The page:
Many others saw it the same way.
Of Trump’s repeated foreign relations blunders, presidential historian Douglas Brinkley said:
“He’s just a bull carrying his own china shop with him whenever he travels the world.”
Back home, Trump spoke of ousting Department of Homeland Security Secretary Kirstjen Nielsen and Chief of Staff John Kelly. But a White House official said the threats are common and not taken seriously until Twitter gets involved.
“But he’s done this three or four times before. Nothing is ever real until he sends the tweet.”
Those observing the President often claim he is a narcissist. His reaction to the GOP losses in the midterm elections and anything but effusive praise from the press and foreign leaders support those claims.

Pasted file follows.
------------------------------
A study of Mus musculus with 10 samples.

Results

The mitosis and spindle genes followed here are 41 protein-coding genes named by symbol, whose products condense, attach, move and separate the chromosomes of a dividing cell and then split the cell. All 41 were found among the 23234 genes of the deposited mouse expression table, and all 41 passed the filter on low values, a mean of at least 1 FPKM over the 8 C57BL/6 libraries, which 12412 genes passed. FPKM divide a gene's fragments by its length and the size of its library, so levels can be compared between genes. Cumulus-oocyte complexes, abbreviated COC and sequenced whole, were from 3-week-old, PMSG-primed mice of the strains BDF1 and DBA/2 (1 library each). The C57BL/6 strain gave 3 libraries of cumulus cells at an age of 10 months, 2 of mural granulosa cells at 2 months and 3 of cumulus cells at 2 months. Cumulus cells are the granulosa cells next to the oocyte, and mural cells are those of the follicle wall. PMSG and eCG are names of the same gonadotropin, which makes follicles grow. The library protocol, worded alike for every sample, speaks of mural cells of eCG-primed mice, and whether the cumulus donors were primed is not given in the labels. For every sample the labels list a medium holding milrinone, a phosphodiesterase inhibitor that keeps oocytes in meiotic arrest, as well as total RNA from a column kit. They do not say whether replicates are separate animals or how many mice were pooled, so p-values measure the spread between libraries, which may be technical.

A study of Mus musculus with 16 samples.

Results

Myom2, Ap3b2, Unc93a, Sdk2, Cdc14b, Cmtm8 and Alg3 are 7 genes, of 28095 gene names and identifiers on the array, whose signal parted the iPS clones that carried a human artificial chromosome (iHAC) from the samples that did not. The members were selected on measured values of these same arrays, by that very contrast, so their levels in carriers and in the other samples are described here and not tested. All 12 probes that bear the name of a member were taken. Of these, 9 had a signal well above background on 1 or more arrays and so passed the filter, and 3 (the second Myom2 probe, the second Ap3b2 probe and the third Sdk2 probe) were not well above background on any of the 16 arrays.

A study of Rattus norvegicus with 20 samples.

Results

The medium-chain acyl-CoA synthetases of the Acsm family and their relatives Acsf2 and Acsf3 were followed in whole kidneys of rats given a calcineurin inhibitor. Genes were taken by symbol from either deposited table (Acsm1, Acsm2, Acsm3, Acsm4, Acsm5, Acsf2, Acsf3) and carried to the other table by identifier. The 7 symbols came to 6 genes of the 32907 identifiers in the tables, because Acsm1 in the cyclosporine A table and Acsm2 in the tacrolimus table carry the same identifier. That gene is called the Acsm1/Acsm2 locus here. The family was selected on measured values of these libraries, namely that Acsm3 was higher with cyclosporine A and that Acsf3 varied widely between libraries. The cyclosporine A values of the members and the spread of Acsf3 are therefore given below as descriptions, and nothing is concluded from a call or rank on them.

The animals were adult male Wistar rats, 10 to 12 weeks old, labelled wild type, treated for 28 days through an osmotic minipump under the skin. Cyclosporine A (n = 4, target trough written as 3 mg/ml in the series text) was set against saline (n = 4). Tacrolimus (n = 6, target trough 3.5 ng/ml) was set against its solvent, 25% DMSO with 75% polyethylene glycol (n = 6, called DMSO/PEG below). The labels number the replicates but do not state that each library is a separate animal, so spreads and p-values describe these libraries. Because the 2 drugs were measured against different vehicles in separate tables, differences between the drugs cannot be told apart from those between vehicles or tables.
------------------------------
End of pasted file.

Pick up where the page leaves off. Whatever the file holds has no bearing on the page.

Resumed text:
According to psychiatric and psychological resources, the “hallmarks of Narcissistic Personality Disorder (NPD) are grandiosity, a lack of empathy for other people, and a need for admiration.”
“People with this condition are frequently described as arrogant, self-centered, manipulative, and demanding. They may also concentrate on grandiose fantasies (e.g. their own success, beauty, brilliance) and may be convinced that they deserve special treatment.”
“Individuals with narcissistic personality disorder have difficulty tolerating criticism or defeat…”
A person with NPD will blame others for all failures while taking credit for all successes. While only a clinician could properly diagnose any personality disorders in the President, his behavior after criticism and loss certainly fits the profile of a narcissist.